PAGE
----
Friday, April 20, 2012

Express Script's WC Drug Trend Report: Something Missing

I'm working my way through all of the drug trend reports released within the last week.  I plan to provide a general overview of those within the next week or so (lots of data to sort through).  I just got through the highlights from ESI, though, and found the approach interesting - and troubling.

The overview I read starts with "2011 Highlights" on page 1.  And the overarching theme of the highlights is waste... $2.1 billion worth of waste in work comp.  They define waste as "any additional spend on pharmacy costs that provides no incremental gain in health outcomes."  Great definition. 

But the report goes on to emphasize three major areas where waste occurs:
1) Utilization of high-cost brand medications when lower-cost therapeutic alternatives are available;
2) Not enough use of mail order as a mode of drug delivery (retail is more expensive);
3) Processing of prescriptions through out-of-network pharmacies and third party billers.

Those of you that know PRIUM know that I'm a bit... let's just say "focused"... but what about utilization of prescription drugs that are not medically necessary according to clinical guidelines (guidelines which, in many states, are statutorily recognized)? 

Would ESI really have us believe that the way to limit inappropriate use of narcotics and other drugs can be summed up in "generics, mail order, and networks"? 

Later in the report, in much smaller font, there's a section on "Narcotics Abuse and Misuse" that at least acknowledges what the CDC has called an "epidemic," but ESI offers no direct solutions.  I think there's a simple reason for this: it's complicated to try to solve the problem of prescription drug abuse and misuse.

Across the thousands of reviews PRIUM has conducted over the last few years, we've found that approximately 73% of the drugs we've reviewed are not medically necessary.  Granted, there's selection bias here - PRIUM is often brought it when help is clearly needed on a claim.  But cut that number in half... or by two-thirds... that's still a big number.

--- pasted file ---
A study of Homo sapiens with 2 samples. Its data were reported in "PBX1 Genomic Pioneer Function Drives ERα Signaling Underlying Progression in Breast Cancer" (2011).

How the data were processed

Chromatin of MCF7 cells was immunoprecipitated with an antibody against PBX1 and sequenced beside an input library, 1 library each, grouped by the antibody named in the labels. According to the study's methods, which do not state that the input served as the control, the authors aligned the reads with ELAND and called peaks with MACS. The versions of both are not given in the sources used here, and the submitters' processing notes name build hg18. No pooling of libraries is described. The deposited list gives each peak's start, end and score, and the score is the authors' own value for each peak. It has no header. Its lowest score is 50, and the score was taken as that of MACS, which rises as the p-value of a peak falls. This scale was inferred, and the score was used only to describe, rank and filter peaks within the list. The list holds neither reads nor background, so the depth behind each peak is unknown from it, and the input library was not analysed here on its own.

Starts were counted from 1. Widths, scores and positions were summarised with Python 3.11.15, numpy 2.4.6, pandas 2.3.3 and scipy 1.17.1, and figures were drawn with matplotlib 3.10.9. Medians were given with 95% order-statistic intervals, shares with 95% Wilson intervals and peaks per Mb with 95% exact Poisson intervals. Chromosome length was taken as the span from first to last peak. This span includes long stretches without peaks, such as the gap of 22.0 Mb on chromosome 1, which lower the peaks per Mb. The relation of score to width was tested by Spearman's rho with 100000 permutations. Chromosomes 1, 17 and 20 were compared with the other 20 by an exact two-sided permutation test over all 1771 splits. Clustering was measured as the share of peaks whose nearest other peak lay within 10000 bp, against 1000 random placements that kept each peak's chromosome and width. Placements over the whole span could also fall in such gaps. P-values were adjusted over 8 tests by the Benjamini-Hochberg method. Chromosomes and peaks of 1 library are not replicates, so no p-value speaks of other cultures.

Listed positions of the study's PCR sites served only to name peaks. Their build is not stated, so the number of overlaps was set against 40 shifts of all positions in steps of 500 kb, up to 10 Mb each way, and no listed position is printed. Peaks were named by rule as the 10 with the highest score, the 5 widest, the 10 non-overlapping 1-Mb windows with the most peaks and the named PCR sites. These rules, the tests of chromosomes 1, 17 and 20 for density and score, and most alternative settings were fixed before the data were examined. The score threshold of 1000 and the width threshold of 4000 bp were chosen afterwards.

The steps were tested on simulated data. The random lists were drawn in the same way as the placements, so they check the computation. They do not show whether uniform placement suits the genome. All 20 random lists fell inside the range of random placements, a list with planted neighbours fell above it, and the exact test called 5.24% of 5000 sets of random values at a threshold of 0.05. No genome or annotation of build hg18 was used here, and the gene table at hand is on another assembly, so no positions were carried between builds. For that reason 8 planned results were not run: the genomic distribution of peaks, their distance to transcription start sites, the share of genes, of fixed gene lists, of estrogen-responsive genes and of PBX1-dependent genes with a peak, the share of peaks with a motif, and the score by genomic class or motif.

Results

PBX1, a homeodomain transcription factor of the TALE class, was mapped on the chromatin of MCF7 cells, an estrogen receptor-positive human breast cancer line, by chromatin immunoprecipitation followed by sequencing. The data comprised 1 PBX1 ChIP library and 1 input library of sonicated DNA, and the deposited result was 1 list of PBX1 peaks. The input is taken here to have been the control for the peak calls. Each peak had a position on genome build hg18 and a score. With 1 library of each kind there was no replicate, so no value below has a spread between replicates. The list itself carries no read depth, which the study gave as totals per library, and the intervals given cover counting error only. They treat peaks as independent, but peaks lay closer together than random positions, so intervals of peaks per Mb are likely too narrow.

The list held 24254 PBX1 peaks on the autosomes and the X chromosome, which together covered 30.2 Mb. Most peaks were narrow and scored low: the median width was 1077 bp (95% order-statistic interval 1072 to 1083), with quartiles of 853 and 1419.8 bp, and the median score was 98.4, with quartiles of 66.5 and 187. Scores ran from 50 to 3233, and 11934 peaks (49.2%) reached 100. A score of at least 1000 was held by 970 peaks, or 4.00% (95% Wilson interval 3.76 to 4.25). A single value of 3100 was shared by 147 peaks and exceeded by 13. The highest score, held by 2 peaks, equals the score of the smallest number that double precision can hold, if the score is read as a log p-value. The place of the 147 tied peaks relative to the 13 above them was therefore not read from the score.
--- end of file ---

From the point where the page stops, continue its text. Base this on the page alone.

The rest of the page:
I completely agree with ESI's definition of waste, but I think they've missed a core component of that waste.  When it comes to your PBM services, don't settle for reports.  Demand solutions.  Demand solutions that tackle head-on the issue of medical appropriateness, abuse, and misuse.   

On Twitter @PRIUM1


  1. Thank you for your interest in the Express Scripts’ Workers’ Compensation Drug Trend Report. The research-driven report provides insight and analysis of pharmacy spending trends in the workers’ comp industry. This year’s report, for the first time in the industry, quantified the amount of waste in pharmacy spending in workers’ compensation.

    At Express Scripts, we leverage our research capabilities to develop innovative solutions to help workers’ comp payers meet the challenges facing the industry today. We think waste through the use of higher-cost medications and delivery channels, is one such challenge.

    We agree that narcotics are another major challenge in the workers’ compensation industry and it is in fact, a key area of focus for Express Scripts.

    The company offers several opioid utilization management programs to help deter misuse of narcotics.

    This includes our recently announced workers’ compensation Fraud, Waste and Abuse (FWA) program. Our FWA program goes farther than any other program in the industry today to help workers’ comp payers fight narcotic abuse by identifying potential cases of abuse through proprietary data analytics and detailed investigations including communications with physicians, pharmacists and injured workers. The program then provides a detailed recommendation of potential actions and interventions the client can implement. More information is available on the Express Scripts website (

    Our ScriptAlert and early intervention programs alert clients to potentially problematic patterns of narcotic prescribing and use including high dosage. Other Express Scripts programs include parallel prescriptions alerts, point-of-sale and retro DUR, pharmacist review of scripts and physician communications programs.

    We are always happy to see other companies, who like us, are working to fight the challenge of prescription drug abuse.

  2. I appreciate ESI weighing in on my post. I stand by my original position, though, that despite the programs ESI claims to have (see comment above), the solutions offered in the drug trends report do not address the concept of medical necessity.